Exploring the Risks of Liver Cancer After Successful Treatment for Hepatitis C Virus

June 11, 2013


Age was one factor statistically linked to the development of liver cancer. People who were older than 50 years were at increased risk for this cancer compared to younger people. People who were 60 years old were at even greater risk than younger people. This heightened risk with age is a factor of the time that someone has been infected with HCV (older people are more likely than younger people to have had HCV for a longer time). The longer a person has HCV, the greater the chances of liver damage and for abnormal liver cells to be transformed into cancer cells. The other factor linked to an increased risk of cancer was being male.


Liver-Related Complications

The risk for developing any liver-related complications was very low among participants who achieved an SVR. The main complication was ascites -- an accumulation of fluid in the abdomen.

Among people who did not achieve an SVR or who were untreated, the risk for developing liver-related complications was elevated.


Survival

Overall, 10% (11 people) of participants with an SVR died during the course of the study. Four of these deaths were from complications due to liver cancer. The other causes of death included other cancers, such as those affecting the lungs and pancreas gland, as well as causes unrelated to cancer, such as infections.

Among participants who did not develop an SVR or who were not treated, 22% (52) died from liver-related causes.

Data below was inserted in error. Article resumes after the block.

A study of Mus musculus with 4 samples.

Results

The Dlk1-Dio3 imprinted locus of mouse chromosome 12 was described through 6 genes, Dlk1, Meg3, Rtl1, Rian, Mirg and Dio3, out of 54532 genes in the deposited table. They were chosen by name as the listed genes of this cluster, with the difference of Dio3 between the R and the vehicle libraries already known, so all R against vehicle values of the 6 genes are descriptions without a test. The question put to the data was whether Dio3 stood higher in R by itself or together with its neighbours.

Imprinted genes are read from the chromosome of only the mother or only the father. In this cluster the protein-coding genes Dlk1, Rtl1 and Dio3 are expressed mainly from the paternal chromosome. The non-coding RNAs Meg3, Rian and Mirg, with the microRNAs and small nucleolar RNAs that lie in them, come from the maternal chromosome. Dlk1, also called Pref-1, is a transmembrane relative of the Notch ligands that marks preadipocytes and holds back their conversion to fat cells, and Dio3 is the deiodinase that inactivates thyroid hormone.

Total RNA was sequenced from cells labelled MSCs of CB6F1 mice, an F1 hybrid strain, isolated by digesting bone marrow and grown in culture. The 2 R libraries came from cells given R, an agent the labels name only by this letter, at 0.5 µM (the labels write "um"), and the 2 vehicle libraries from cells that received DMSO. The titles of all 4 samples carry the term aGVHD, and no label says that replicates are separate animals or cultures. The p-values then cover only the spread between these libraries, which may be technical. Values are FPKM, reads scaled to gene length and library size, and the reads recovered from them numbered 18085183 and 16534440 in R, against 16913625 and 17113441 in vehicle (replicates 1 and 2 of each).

The findings from the Swedish study underscore the general importance of achieving an SVR with HCV treatment. Not only does this event mean that HCV has been cleared but it reduces the future risk for developing liver-related complications and improves the chances of survival among people with cirrhosis.


HCV and Liver Health

Some previous studies have found that scarred liver tissue can partially regress and healthy tissue can regenerate after an SVR. It would have been interesting to assess the possibility of a link between the amount of scarred liver tissue and the future risk of developing liver cancer. However, in the present study researchers did not assess changes in the liver to determine whether or not scar tissue had regressed.

What is clear from the present study is that achieving an SVR helps to clear HCV infection and improves future chances of survival. However, an SVR does not mean that damaged liver tissue disappears. People with cirrhosis who have achieved an SVR will likely need regular monitoring to keep abreast of any developing tumours. Long-term studies are also needed to help doctors determine which of their patients with cirrhosis who have achieved an SVR are at heightened risk for developing liver cancer.


Resources

hepcinfo.ca -- CATIE's hepatitis C website

What is liver cancer? -- Canadian Cancer Society


References

  1. Canadian Cancer Society's Steering Committee on Cancer Statistics. Canadian Cancer Statistics 2013. Toronto, ON: Canadian Cancer Society; 2013.
  2. Koh C, Heller T, Haynes-Williams V, et al. Long-term outcome of chronic hepatitis C after sustained virological response to interferon-based therapy. Alimentary Pharmacology & Therapeutics. 2013 May;37(9):887-94.
  3. van der Meer AJ, Veldt BJ, Feld JJ, et al. Association between sustained virological response and all-cause mortality among patients with chronic hepatitis C and advanced hepatic fibrosis. JAMA. 2012 Dec 26;308(24):2584-93.
  4. Aleman S, Rahbin N, Weiland O, et al. A risk for hepatocellular carcinoma persists long-term after sustained virologic response in patients with hepatitis C-associated liver cirrhosis. Clinical Infectious Diseases. 2013; in press.
  5. Pereira OC, Feld JJ. Sustained virologic response for patients with hepatitis C-related cirrhosis: a major milestone, but not quite a cure. Clinical Infectious Diseases. 2013; in press.